CA celebrates the legacy of outgoing Board of Trustees president Fay Lampert Shutzer ’65

Photo by Margaret Lampert

Sometimes the right person comes along just when they are needed most. So it was that Fay Lampert Shutzer ’65 was at the helm of the Board of Trustees during an unexpectedly trying time, in the lead-up to Concord Academy’s most historic year. 

“Something special is going to happen,” Shutzer told CA Magazine in 2018 as she began her tenure as president, having already served more than 10 years as a trustee. “We’re part of figuring that out. That ability to support our kids and inspire them—that’s why we’re here.” Shutzer had anticipated CA’s approaching Centennial, but little could she, or anyone, envision what else lay in store. Two years later, she began steering the school through the turbulence of the COVID-19 pandemic, then a leadership transition, an interim period, and a head of school search. Throughout these challenges, she was imperturbable. She guided the Board and school leaders to consensus around complicated issues—asking probing questions, listening, and balancing disparate views with empathy and compassion. 

“Her love for CA is so clear,” says Jennifer Pline P’13 ’15, who along with Jen Burleigh ’85 assumed the co-presidency of the Board of Trustees on July 1. “As a collaborative leader, she had an amazing way of framing a conversation and helping us focus on the key issue at hand.” “Fay has been an extraordinary leader during an extraordinary time for CA,” Burleigh says, citing her positivity, enthusiasm, and “rare ability to connect with others and make them feel heard.” Through the stresses of uncertainty, she adds, “she kept the Board grounded and calm, always focused on the best immediate next steps without ever losing sight of the mission and CA’s bright future.” 

“It felt as though she was able to hold the entire institution at once in her gaze,” says Kerry Hoffman P’14 ’20, trustee and former CA Parents president. “She kept every constituency in mind but instinctively knew where and when movement needed to happen.” 

“Fay’s natural temperament is inclusive,” says Kevin Parke P’12 ’15, vice president of the Board. “She really delegates and respects delegation, and she gave the Board an opportunity to see how new leadership could develop.” During Commencement on May 26, in her final address as president, Shutzer said her interest in group dynamics took root at CA. A boarding student from Topsfield, Mass., she first encountered concepts in developmental psychology and personality theory in a course about community service. Soon afterward, she took a risk with her term paper for a chemistry class, choosing to research the chemical basis of schizophrenia. The school arranged for her to have access to the Harvard Medical School library. “My passion, like so many other CA students’, was no problem for our faculty,” Shutzer said in her speech.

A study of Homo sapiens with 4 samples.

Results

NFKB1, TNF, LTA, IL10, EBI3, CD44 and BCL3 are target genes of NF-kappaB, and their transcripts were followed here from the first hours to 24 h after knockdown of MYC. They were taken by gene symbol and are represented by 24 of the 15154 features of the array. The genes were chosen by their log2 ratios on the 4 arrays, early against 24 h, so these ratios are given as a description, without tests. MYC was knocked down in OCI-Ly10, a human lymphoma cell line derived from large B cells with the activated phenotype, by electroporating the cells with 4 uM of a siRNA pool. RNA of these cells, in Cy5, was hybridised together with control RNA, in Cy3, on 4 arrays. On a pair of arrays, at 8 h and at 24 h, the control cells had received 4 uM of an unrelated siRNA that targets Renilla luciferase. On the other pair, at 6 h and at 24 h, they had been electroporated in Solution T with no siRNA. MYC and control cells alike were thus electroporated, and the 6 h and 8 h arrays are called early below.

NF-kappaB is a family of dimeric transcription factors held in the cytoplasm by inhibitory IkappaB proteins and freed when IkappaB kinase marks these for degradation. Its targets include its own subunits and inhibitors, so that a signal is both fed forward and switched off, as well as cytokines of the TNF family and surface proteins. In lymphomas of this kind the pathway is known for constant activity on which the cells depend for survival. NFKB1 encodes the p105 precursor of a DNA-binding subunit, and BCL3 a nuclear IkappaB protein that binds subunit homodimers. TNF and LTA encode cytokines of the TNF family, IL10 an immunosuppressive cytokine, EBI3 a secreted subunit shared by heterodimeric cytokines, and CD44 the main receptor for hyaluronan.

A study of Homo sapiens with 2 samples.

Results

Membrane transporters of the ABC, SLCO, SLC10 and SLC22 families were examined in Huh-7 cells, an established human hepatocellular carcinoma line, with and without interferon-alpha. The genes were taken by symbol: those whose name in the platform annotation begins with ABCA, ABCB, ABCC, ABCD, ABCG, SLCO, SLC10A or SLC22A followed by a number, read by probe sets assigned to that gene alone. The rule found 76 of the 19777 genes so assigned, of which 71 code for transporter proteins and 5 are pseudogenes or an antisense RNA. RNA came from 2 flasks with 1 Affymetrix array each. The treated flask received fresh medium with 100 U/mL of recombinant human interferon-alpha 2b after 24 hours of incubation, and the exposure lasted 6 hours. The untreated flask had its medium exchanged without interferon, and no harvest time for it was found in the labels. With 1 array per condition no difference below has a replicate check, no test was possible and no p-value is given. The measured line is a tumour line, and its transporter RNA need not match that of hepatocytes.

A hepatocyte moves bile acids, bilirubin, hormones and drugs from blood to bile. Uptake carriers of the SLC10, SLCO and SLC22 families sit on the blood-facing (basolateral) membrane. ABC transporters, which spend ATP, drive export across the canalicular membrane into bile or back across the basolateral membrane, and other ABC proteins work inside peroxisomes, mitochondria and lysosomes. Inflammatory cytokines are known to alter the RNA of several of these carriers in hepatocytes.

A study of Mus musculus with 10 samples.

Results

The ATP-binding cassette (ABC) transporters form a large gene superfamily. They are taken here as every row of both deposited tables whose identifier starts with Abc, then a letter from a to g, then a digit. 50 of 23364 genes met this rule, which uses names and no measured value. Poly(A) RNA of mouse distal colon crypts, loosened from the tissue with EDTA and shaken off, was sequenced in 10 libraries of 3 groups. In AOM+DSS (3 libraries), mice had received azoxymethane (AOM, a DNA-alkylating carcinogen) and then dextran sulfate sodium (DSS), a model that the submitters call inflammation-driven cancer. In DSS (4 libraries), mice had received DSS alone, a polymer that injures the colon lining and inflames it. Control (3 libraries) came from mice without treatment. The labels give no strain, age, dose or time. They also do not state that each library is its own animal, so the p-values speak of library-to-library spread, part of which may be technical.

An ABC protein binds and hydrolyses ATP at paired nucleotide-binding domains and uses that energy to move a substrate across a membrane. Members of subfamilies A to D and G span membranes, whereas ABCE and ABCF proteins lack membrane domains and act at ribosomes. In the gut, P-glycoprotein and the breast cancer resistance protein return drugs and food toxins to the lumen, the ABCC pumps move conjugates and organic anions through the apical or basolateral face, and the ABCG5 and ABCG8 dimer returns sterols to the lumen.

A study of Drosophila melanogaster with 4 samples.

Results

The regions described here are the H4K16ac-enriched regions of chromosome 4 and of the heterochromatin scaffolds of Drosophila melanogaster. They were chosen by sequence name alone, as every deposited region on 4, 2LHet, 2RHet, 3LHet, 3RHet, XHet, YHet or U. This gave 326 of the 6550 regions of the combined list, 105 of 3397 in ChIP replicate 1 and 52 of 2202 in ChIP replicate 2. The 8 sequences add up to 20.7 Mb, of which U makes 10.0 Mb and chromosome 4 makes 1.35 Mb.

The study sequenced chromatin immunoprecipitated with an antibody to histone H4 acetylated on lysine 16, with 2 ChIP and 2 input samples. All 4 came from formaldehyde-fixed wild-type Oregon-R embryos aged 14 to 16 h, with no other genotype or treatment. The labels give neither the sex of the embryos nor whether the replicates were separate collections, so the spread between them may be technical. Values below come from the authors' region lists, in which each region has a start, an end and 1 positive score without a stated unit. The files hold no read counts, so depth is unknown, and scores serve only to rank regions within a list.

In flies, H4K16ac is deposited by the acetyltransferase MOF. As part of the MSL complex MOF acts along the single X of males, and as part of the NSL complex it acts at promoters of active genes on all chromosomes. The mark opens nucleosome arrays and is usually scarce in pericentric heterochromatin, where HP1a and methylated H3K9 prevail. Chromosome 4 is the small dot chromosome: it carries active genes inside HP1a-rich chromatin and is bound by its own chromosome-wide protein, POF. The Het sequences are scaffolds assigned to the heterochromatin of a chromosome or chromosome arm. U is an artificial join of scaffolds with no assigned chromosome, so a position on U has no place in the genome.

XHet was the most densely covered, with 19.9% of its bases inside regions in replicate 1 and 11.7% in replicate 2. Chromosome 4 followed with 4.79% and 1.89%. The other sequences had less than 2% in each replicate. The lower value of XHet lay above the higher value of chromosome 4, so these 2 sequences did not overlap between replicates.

Her teachers’ encouragement led her to become a teacher, then a school psychologist, and later a psychologist in private practice with children, adolescents, and families. At CA, she also laid the foundation for another, ongoing, professional passion: painting. 

Classmate, former board president, and life trustee Kitty Fisk Ames ’65, P’95 recalls Shutzer as “quiet, organized, very creative.” Looking back at CA’s 1965 yearbook (Shutzer was editor-in-chief), Ames says she “caught a glimpse of the perceptive and fearless leader she is today.” On her page, Shutzer had quoted William Makepeace Thackeray: 

The world is a looking-glass, and gives back to every man the reflection of his own face. Frown at it, and it will in turn look sourly upon you; laugh at it and with it, and it is a jolly kind companion; and so let all young persons take their choice. 

Shutzer exuded a similar “calm, unflappable, and optimistic” spirit decades later with the Board, Ames says. 

Under her direction, not only did Concord Academy survive the pandemic, it also found a dynamic new head of school in Henry Fairfax and made tremendous progress in its Centennial Campaign. “We couldn’t have asked for a steadier hand to see CA into its second century,” Fairfax says. “From her guiding vision and mentorship to her ability to galvanize support for investments in CA’s future, Fay’s contributions to this school have all been grounded in inclusion—that’s what makes her legacy so powerful.” 

Trustees Carol Moriarty P’02 ’05 ’07 and Andy Ory P’16 ’21, co-chairs of the Centennial Campaign alongside Shutzer, admire the perspective she brought to fundraising. “With a calm and positive attitude, she listens and adjusts her thinking to understand what motivates others to think the way they do,” Moriarty says. 

Ory cites Shutzer’s capacity to rally people around the school’s values and vision, even in less than ideal circumstances. “Our cohesion and ability to stay on task was because of her direct leadership,” he says. The fact that Shutzer “thinks of leadership as a collaborative sport,” he adds, has been crucial. “One of her greatest strengths is that she understands people and approaches all issues and discussions from a position of respect and grace.” 

When she first stepped into the presidency Shutzer said of CA, “We’re a school that prioritizes values and culture over image. That’s the school I loved as a girl, and that’s the school I found once again when I finally came back.” Thanks to that orientation, she has left this institution and our community stronger for her leadership.